Midtown Walmart Construction Stopped – What You Need to Know
Dec 27, 2016 December 27, 2016
It has been almost six months since the retail giant laid a finger on its construction. After breaking ground in January and completing foundation work by June 23, Walmart applied for its permit for vertical construction. The only problem was, it did not own all the land needed for the supercenter.
While the discount chain owns 4.6 acres with frontage on NE 31st Street, it has no access to the frontage at North Miami Avenue or NE 1st Avenue. Walmart is in talks to obtain a unity of title from Midtown Opportunities, however, getting one from Midtown Miami CDD could be a whole different story.
Also, the 203,000 sq. ft. supercenter has been heavily opposed by area residents, business owners and community activists. Let’s see why:
1. First of all, residents (and I) agree that Walmart doesn’t belong in the urban core. Residents would be perfectly fine driving out to get to a Walmart, if need be.
2. It will stand in stark contrast to the ultra-high-end retail neighborhoods close by such as Design District.
3. It doesn’t elevate the neighborhood in any positive way, and neither does it match the economic level of the path of gentrification in the area. This has most people considering that such an addition could actually bring down property prices.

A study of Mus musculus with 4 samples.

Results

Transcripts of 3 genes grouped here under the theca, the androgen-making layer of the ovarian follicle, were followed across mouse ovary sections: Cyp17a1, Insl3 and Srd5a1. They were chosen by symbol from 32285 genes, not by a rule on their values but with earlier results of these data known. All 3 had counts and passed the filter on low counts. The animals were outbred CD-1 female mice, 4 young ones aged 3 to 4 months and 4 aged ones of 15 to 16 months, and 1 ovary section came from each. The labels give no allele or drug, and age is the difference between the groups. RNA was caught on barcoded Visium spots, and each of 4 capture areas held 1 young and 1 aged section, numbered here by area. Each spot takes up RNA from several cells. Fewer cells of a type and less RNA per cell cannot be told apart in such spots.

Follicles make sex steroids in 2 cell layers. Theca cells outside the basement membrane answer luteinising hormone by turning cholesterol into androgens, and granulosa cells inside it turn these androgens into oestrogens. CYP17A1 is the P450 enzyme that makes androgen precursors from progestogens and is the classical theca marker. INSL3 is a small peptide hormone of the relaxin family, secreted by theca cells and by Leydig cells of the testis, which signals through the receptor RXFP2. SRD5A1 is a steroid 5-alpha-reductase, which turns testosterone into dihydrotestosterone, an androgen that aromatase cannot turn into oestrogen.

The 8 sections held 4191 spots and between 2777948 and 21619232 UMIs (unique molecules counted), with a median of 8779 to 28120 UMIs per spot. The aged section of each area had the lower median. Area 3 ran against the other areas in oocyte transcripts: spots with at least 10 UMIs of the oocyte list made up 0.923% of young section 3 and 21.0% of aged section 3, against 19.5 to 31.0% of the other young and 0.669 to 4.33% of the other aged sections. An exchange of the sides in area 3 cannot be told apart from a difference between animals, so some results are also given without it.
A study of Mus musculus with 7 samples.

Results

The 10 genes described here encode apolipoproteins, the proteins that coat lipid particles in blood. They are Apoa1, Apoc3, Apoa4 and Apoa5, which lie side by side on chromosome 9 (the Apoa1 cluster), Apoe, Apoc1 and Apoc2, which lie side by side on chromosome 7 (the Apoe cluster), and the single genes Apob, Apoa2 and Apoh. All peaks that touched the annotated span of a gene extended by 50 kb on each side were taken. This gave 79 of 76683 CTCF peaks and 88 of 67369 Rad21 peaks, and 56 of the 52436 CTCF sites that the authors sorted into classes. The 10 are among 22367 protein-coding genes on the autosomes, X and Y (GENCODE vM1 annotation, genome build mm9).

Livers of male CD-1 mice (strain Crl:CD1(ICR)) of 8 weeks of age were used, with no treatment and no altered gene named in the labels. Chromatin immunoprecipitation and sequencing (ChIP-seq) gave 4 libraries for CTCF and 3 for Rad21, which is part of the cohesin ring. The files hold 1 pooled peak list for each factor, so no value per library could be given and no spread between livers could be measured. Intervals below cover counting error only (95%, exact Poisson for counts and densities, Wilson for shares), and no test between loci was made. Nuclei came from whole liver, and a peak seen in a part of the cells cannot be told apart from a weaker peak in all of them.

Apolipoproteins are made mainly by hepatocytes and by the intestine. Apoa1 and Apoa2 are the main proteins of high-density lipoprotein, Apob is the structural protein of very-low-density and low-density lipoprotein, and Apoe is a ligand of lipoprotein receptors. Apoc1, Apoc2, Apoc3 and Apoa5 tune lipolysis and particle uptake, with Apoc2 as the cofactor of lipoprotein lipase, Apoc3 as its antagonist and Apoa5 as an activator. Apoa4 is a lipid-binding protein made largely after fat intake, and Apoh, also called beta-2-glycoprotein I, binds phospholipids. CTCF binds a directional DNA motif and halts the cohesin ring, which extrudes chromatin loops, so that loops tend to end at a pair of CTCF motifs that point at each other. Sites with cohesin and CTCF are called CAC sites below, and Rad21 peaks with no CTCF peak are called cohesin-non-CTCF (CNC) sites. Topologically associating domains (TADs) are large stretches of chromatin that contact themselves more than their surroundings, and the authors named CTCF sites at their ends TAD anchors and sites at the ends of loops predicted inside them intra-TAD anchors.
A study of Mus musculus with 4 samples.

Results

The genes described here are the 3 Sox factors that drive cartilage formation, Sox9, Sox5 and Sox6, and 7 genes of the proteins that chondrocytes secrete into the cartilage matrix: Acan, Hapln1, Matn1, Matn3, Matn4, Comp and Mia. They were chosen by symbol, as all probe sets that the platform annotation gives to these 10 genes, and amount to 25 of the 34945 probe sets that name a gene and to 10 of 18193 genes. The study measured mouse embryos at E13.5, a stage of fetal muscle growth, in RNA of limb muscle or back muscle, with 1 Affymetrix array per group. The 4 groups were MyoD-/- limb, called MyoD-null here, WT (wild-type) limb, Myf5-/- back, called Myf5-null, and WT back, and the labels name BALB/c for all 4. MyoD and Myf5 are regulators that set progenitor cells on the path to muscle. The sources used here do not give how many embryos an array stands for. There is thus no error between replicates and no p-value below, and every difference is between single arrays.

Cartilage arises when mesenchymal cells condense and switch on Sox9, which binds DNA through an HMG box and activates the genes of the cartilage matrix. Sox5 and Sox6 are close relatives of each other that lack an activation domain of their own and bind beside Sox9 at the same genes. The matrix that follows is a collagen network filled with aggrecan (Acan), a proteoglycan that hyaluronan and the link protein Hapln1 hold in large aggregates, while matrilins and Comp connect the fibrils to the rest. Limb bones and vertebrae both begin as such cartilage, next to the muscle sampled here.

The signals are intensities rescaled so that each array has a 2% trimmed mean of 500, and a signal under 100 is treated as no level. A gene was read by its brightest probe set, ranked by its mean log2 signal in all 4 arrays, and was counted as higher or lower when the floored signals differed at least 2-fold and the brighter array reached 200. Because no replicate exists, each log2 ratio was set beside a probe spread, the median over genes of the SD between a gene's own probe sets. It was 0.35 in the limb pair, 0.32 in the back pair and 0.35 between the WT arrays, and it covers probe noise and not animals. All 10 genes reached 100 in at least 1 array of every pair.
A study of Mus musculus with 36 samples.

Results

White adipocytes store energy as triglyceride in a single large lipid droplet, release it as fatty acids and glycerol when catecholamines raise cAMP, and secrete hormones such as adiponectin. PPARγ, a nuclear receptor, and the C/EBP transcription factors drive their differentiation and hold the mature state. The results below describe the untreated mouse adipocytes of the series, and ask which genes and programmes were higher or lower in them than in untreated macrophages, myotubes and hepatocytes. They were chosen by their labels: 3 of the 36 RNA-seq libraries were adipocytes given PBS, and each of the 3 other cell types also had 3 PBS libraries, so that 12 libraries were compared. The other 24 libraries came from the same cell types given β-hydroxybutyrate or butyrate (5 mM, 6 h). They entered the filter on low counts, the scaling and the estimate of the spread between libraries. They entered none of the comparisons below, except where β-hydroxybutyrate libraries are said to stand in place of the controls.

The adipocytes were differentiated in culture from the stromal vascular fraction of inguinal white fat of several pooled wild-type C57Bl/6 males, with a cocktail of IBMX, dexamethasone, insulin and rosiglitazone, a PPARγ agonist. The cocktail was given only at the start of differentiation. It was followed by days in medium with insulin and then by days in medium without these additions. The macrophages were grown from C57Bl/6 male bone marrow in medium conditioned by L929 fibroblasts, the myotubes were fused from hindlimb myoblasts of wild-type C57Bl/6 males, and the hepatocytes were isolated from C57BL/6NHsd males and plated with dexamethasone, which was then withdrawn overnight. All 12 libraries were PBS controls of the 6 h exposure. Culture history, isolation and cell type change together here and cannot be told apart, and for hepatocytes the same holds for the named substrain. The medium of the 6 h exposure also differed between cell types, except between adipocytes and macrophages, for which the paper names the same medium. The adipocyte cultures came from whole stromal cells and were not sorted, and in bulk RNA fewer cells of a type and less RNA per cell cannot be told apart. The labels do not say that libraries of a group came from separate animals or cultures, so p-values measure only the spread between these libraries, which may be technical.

4. Many consider a Fresh Market, Trader Joe’s or other similar food store to be a more suitable choice given Midtown’s character.
5. Most are crying foul at the corruption of City officials for passing such a vote.
In my honest opinion, a Walmart can definitely be a convenient and affordable addition to shopping in an area. However, when you weigh down the options for Midtown, it’s really just a bad choice for residents and the neighborhood.
Here is a Brief history of Walmart in Midtown
It all started in 2011, when a report came out informing that the retail giant plans to occupy 160,000-square-foot of land in a newly flourishing Midtown. The initial proposal, which included a 184,000 sq. ft. supercenter topped off by 10,500 sq. ft. of third-party retail and about 550 parking spaces, was rejected in February 2013 for not meeting local regulations. However, the discount chain, equipped with a redesign by Gensler, won approval from the city commission in August 2013.
Come 2014, Walmart purchased land worth $8.2 million between North Miami Avenue and Midtown Boulevard. What followed was a year-full of litigations filed by residents for dodging one regulation or the other. However, a state judge ruling against a final appeal helped the multinational retail corporation break ground in January 2016.
We are crossing our fingers that the residents of Midtown keep fighting this monstrosity!